Fitbit won't make you pay for your own weekly health data anymore

You'll no longer need to pay $10 a month to see information for the past 30 or 90 days.

Cherlynn Low / Engadget

One of our biggest complaints about Fitbit products for years is the fact that you'll need to pay the $10 monthly fee to see your historical data. For example, you could only see up to seven days' worth of your breathing rate, resting heart rate and heart rate variation, and just 90 days of everything else if you didn't shell out. It was one of the biggest drawbacks of devices like the Pixel Watch, especially when you consider that competing products from Apple and Samsung don't lock your own data behind a paywall. Today, Google announced that it's making "more of the insightful data from Fitbit's Health Metrics Dashboard available without a subscription to all of its users."

This includes breathing rate, heart rate variability, skin temperature, oxygen saturation and resting heart rate. "Now, even without a Premium subscription, users will now be able to see 30-day and 90-day views of their data to track trends over time," the company said in a statement. To be clear, more-basic metrics like step count, miles traveled, calories burned and heart rate have always been free, while the information listed above were presented in the Health Metrics dashboard as daily, weekly, monthly or 90-day summaries.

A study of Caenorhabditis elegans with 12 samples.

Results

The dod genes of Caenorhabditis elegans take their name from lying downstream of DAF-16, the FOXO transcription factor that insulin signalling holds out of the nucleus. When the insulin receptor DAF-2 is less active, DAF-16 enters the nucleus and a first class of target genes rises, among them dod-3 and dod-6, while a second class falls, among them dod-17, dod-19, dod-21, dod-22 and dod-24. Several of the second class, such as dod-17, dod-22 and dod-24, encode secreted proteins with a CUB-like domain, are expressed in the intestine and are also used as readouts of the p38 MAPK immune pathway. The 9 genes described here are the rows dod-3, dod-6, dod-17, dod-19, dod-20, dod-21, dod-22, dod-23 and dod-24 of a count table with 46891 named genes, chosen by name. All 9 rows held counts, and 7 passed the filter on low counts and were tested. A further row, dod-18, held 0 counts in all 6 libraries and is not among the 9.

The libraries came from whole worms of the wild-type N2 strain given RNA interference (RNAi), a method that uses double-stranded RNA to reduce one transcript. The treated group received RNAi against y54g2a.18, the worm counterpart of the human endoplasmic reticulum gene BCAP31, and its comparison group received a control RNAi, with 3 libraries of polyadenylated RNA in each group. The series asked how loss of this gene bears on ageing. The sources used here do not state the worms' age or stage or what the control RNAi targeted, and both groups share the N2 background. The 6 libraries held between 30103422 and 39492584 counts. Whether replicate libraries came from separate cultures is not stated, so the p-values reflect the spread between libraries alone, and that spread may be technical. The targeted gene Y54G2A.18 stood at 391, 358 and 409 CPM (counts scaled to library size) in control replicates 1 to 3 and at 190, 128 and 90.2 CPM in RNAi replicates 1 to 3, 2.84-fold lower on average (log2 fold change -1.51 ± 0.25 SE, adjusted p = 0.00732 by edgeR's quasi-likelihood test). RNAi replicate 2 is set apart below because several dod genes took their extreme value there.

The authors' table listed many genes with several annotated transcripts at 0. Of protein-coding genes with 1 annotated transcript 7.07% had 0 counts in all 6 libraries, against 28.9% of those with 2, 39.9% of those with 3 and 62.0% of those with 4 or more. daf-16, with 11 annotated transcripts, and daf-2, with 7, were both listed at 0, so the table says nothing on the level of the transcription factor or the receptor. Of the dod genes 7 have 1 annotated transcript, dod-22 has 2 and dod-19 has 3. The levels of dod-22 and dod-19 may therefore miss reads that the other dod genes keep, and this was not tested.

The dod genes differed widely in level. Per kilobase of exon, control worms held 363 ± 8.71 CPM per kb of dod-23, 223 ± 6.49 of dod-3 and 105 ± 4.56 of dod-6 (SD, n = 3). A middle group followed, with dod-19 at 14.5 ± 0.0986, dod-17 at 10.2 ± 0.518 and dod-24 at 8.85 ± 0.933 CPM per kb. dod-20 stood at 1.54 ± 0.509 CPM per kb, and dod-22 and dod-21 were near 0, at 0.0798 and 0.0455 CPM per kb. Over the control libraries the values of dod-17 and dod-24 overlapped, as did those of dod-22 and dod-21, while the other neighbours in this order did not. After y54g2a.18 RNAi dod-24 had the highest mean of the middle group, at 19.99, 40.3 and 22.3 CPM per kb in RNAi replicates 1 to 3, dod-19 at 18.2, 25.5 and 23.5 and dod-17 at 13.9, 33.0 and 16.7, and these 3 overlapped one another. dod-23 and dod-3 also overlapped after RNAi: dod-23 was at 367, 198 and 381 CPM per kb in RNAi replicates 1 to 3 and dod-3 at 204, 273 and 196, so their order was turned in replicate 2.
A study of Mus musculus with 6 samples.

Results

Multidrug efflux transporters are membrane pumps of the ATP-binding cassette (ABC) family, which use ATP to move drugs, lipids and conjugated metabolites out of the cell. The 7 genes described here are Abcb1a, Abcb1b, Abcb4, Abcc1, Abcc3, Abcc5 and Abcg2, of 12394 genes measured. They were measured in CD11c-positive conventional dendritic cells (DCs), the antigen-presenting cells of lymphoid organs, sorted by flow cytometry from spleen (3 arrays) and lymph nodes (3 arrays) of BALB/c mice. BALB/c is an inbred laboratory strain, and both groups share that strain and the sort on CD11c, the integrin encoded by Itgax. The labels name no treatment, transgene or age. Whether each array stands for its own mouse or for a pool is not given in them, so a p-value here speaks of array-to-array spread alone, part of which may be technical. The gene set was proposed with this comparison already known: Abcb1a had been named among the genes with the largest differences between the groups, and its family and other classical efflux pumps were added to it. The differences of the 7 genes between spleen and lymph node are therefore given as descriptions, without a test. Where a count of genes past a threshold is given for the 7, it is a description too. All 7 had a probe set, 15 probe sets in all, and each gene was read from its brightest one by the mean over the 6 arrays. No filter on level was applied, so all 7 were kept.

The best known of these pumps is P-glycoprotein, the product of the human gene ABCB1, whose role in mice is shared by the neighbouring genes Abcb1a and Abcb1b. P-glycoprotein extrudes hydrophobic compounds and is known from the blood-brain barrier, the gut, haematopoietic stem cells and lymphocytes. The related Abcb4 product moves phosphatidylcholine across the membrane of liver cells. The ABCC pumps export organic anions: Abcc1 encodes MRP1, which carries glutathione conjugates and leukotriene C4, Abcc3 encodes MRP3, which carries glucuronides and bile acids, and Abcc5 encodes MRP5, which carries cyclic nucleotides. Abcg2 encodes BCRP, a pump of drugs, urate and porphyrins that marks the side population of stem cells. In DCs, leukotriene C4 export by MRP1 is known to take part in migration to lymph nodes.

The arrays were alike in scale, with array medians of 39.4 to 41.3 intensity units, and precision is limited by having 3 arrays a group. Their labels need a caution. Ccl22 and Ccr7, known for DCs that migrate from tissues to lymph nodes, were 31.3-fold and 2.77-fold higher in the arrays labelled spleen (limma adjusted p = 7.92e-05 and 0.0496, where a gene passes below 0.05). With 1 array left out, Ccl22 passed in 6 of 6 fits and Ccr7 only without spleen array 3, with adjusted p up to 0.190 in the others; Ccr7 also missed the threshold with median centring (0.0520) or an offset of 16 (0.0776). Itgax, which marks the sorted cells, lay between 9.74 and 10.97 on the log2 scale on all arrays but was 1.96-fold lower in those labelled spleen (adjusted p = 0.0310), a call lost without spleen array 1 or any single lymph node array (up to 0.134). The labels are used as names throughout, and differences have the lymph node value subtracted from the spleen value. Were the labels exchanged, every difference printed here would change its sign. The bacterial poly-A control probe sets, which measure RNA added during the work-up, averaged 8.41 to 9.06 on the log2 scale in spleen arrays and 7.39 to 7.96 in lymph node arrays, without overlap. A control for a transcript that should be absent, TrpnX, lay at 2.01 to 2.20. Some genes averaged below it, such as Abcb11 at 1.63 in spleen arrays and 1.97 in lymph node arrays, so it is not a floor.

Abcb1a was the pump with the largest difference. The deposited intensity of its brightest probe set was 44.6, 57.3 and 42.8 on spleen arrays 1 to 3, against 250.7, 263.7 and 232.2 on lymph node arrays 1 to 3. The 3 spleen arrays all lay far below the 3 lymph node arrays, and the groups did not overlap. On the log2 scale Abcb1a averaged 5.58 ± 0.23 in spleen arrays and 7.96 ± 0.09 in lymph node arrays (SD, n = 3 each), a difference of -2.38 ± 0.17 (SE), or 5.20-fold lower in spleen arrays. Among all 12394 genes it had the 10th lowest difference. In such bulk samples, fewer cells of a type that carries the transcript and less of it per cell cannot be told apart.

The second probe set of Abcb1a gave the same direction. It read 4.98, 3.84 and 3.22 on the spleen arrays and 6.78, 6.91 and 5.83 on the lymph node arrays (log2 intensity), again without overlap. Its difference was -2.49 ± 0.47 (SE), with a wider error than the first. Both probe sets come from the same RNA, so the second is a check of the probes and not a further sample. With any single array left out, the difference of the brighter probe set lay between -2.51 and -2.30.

While there is still a 90-day limit to how far back you can see your historical activity for those metrics, this at least brings Fitbit products closer to the competition. The company does have industry-leading health and sleep-tracking features, including the ability to see how much time you spend in zones like REM, deep and light sleep throughout the night. As of now, information like those sleep stages are not locked behind Premium, although Sleep Profile, Guided Sleep Programs, Snore Detect and additional insights around what's impacting your Sleep Score are.

It's good that Fitbit no longer paywalls your Sleep Stages, since Apple recently added the same feature to watchOS, while Samsung has offered it for years. And both competitors grant this, along with other sleep metrics and guidance, to their users without charging extra.

Update (at 4pm ET): This article was updated to confirm that Sleep Stages is not a Premium feature, while spelling out which sleep-related features are.